Tierramerica

Will New Climate Treaty Be a Thriller, or Shaggy Dog Story?

This December, 195 nations plus the European Union will meet in Lima for two weeks for the crucial U.N. Conference of the Parties on Climate Change, known as COP 20. The hope in Lima is to produce the first complete draft of a new global climate agreement.

El Salvador Restores Biodiversity in the Face of Climate Change

Carlos Menjívar has been ferrying people in his boat for 20 years in this fishing village in western El Salvador surrounded by ocean, mangroves and wetlands, which is suffering the effects of environmental degradation.

Using Phytotechnology to Remedy Damage Caused by Mining

Combating the negative effects of its own production processes is one of the challenges facing the mining industry, one of the pillars of the Chilean economy.

Panama’s Indigenous People Want to Harness the Riches of Their Forests

For indigenous people in Panama, the rainforest where they live is not only their habitat but also their spiritual home, and their link to nature and their ancestors. The forest holds part of their essence and their identity.

Protecting Biodiversity in Costa Rica’s Thermal Convection Dome in the Pacific

The vast habitat known as the Costa Rican Thermal Convection Dome in the eastern Pacific Ocean will finally become a protected zone, over 50 years after it was first identified as one of the planet’s most biodiversity-rich marine areas.

Drought Plagues Brazil’s Richest Metropolis

Agricultural losses are no longer the most visible effect of the drought plaguing Brazil’s most developed region. Now the energy crisis and the threat of water shortages in the city of São Paulo are painful reminders of just how dependent Brazilians are on regular rainfall.

Fracking Fractures Argentina’s Energy Development

Unconventional oil and gas reserves in Vaca Muerta in southwest Argentina hold out the promise of energy self-sufficiency and development for the country. But the fracking technique used to extract this treasure from underground rocks could be used at a huge cost.

Cuba’s Sugar Industry to Use Bagasse for Bioenergy

Cuba’s sugar industry hopes to become the main source of clean energy in the country as part of a programme to develop renewable sources aimed at reducing dependence on imported fossil fuels and protecting the environment.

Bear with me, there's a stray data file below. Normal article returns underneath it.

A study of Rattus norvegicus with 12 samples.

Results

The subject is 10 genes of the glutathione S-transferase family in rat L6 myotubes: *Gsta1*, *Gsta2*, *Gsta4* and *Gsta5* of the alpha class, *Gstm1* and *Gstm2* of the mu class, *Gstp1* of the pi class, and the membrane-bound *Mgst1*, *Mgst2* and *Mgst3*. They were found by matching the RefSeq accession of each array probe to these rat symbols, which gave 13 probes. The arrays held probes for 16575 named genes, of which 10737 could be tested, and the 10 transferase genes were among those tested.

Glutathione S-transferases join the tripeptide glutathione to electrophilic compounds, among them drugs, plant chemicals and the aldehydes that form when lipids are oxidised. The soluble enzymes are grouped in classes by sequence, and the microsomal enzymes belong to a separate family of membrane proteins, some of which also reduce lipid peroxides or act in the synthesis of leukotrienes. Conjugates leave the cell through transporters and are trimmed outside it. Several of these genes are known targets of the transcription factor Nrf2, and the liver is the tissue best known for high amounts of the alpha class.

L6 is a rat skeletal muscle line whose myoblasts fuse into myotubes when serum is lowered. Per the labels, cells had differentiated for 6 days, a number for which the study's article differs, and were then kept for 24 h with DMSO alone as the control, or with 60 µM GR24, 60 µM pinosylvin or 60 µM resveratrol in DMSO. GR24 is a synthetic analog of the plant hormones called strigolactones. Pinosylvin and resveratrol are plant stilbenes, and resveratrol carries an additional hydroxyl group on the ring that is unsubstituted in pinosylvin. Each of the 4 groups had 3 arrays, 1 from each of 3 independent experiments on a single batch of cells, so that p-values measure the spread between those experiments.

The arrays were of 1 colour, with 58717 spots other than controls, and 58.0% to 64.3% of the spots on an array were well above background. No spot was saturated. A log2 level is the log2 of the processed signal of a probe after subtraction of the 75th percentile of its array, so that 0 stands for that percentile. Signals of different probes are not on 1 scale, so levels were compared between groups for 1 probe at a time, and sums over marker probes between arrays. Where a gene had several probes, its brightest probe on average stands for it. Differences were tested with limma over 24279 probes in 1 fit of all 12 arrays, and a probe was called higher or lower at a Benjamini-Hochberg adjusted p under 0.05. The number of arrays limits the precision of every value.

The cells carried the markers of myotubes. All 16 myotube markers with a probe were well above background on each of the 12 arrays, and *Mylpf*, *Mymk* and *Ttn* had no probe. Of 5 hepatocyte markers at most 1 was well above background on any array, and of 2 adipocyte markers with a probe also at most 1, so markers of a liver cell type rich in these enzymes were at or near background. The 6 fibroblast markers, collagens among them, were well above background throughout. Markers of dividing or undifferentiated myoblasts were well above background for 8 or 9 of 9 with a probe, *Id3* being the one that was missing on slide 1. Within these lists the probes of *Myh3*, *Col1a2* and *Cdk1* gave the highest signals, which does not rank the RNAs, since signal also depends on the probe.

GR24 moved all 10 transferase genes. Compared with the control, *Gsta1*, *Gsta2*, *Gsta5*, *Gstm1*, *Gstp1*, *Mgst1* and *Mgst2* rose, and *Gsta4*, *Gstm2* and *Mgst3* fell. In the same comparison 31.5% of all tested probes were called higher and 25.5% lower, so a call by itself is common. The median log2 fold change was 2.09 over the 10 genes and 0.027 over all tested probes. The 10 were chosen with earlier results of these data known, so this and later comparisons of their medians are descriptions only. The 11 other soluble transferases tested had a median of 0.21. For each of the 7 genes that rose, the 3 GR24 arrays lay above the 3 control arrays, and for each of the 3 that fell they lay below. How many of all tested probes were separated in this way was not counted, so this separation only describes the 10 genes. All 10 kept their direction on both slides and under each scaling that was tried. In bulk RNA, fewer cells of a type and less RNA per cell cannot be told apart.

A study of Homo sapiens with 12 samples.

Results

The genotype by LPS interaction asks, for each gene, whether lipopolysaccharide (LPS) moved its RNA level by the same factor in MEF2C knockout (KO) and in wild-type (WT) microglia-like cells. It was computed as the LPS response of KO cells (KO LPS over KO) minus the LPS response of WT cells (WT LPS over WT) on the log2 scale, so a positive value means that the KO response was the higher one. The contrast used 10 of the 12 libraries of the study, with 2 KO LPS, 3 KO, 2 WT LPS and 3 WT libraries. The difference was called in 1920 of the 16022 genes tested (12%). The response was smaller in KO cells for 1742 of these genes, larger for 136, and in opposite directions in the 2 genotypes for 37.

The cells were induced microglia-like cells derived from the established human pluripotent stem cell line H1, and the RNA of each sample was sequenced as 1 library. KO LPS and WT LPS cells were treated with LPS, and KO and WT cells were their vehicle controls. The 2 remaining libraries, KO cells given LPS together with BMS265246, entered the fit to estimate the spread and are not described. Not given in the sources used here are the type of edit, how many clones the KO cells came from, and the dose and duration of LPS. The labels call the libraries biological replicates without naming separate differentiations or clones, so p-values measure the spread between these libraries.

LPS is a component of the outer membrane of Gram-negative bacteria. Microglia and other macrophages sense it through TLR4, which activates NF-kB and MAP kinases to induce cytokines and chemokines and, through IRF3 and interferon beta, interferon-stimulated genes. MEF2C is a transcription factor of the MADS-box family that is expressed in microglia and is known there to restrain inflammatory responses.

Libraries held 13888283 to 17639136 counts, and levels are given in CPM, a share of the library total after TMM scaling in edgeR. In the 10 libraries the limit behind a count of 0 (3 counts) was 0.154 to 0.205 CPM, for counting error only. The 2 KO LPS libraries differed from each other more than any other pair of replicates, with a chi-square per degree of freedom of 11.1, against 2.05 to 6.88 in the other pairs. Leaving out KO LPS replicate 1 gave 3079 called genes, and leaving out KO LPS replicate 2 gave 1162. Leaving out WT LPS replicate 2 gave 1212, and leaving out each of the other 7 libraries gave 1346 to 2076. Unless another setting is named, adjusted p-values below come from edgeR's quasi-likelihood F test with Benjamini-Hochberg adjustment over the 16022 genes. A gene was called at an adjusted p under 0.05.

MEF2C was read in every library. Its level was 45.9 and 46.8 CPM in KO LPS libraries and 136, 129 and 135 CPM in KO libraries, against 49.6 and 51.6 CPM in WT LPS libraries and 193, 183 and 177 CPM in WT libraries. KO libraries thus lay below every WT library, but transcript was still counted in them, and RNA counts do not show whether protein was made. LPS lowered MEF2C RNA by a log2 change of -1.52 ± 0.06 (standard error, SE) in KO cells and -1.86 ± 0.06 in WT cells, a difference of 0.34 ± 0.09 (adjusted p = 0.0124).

Biodiversity Offsetting Advances in Latin America Amidst Controversy

Compensation for biodiversity loss, which is taking its first steps in Latin America, is criticised by social organisations for “commodifying” nature and failing to remedy the impacts of extractive industries and other activities that destroy natural areas and wildlife.

Salvadoran Farmers Stake Their Bets on Sustainable Development

Peasant farmers from one of El Salvador’s most fragile coastal areas are implementing a model of sustainable economic growth that respects the environment and offers people education and security as keys to give the wetland region a boost.

Mexico’s Cocopah People Refuse to Disappear

In their language, Cocopah means “river people”. For over 500 years the members of this Amerindian group have lived along the lower Colorado River and delta in the Mexican states of Baja California and Sonora and the U.S. state of Arizona.

Brazil to Monitor Improvement of Water Quality in Latin America

Problems in access to quality drinking water, supply shortages and inadequate sanitation are challenges facing development and the fight against poverty in Latin America. A new regional centre based in Brazil will monitor water to improve its management.

Threat of Hydropower Dams Still Looms in Chile’s Patagonia

After its victory in a nearly decade-long struggle against HidroAysén, a project that would have built five large hydroelectric dams on wilderness rivers, Chile’s Patagonia region is gearing up for a new battle: blocking a quiet attempt to build a dam on the Cuervo River.

It Takes More than Two to Tango – or to Clean up Argentina’s Riachuelo River

Immortalised by a famous tango, the “Niebla del riachuelo” (Mist over the Riachuelo river) has begun to dissipate over Argentina’s most polluted river, much of which is lined by factories and slums. But two centuries of neglect and a complex web of political and economic interests are hindering a clean-up plan that requires a broad, concerted effort.

Eco-Friendly Agriculture Puts Down Roots in Spain

José María Gómez squats and pulls up a bunch of carrots from the soil as well as a few leeks. This farmer from southern Spain believes organic farming is more than just not using pesticides and other chemicals – it’s a way of life, he says, which requires creativity and respect for nature.